Iran-EU talks beyond nuclear issue: Musavian
Dec. 14 - Irans nuclear spokesman Hossein Musavian said on Tuesday that the Brussels talks were beyond the issue of Irans nuclear program, saying, The negotiations were mainly aimed at the expansion of all-out relations between Iran and Europe.
During the three-month period of the joint working groups activities, Europe has the opportunity to prove its seriousness, good-will and commitment to Iran, Musavian told the Mehr News Agency correspondent in Brussels.
The spokesman said that so far the negotiating sides have agreed on the working groups agenda.
He announced that the working groups were to start their work officially on December 14 and that the initial results of their activities should be tangible by March 14.
Musavian stressed that there would be no reason for Iran to continue with the working groups activities if it sees no progress in negotiations.
But if the working groups produce practical results and accomplishments, we can be hopeful over the continuation of talks, he added.
Referring to the agenda of the joint working groups, Musavian stated that peaceful nuclear cooperation and confidence-building guarantees are two official issues that will be discussed in the nuclear working group.
The political-security committee will study issues related to the national security of both sides as well as the issue of weapons of mass destruction and regional security, he added./MNA-
Iran may sway Iraq elections, some fear
The New York Times
December 15, 2004
BAGHDAD, Iraq -- On a list of 228 candidates submitted by a powerful Shiite-led political alliance to Iraq's electoral commission last week, Abdulaziz al-Hakim's name was entered as No. 1. It was the clearest indication yet that in the upcoming January elections, with Iraq's Shiite majority likely to heavily outnumber Sunni voters, al-Hakim may emerge as the country's most powerful political figure.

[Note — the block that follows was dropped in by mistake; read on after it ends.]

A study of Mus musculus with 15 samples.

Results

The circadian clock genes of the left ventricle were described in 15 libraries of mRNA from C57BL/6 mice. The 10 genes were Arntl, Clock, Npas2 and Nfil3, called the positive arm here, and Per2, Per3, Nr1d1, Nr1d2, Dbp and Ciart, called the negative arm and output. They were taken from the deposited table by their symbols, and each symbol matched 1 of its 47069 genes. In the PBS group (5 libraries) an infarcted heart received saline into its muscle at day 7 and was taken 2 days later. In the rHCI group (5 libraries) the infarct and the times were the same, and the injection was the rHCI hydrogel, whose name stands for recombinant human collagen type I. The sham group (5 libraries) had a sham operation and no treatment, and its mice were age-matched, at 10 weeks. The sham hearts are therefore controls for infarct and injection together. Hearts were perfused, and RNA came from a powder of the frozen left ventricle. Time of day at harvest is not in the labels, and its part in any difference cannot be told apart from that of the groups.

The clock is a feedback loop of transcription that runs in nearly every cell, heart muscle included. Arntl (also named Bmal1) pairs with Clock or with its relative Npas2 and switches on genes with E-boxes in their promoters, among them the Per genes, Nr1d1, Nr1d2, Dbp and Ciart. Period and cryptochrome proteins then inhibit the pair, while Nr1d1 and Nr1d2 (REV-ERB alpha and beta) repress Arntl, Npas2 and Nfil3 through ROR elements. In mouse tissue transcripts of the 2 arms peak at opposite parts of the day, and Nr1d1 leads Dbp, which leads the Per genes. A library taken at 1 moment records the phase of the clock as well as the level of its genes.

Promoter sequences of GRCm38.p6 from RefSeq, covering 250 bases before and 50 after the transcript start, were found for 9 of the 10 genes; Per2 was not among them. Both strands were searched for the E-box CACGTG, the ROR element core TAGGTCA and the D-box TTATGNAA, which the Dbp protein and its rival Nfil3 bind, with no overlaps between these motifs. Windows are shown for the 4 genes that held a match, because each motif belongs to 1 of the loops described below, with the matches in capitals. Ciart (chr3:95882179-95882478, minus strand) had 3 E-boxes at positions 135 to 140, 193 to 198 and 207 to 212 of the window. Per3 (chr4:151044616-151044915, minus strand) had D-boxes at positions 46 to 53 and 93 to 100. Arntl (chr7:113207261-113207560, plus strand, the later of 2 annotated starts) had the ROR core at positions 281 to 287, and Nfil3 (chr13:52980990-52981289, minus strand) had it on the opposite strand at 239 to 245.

Al-Hakim is a preeminent example of a class of Iraqi Shiite leaders with close ties to Iran's ruling ayatollahs. His political party, the Supreme Council for the Islamic Revolution in Iraq, was founded in Tehran.
The question of Iranian influence will weigh heavily as election campaigning formally begins today among more than 230 parties and political groups that have entered lists of candidates.
Ghazi al-Yawer, the Sunni Arab sheik who was named Iraq's interim president, and King Abdullah of Jordan have both sounded warnings over the past week.
In a BBC interview Monday in London, al-Yawer cited reports that Iran had pushed up to a million people across the 900-mile border with Iraq in a bid to influence the elections, and that Iranian money was flowing covertly to Shiite religious groups competing in the election.
"There are some elements in Iran playing a role in trying to influence the elections," he said.
For the United States, and for Jordan and Saudi Arabia, which have Sunni Muslim majorities, the prospect of al-Hakim and his associates coming to power raises in stark form the brooding issue of Iran's future influence in Iraq.
And among Iraq's Sunni Arab minority, the fear of a Shiite-led government heavily influenced by Iran has helped drive a powerful insurgency.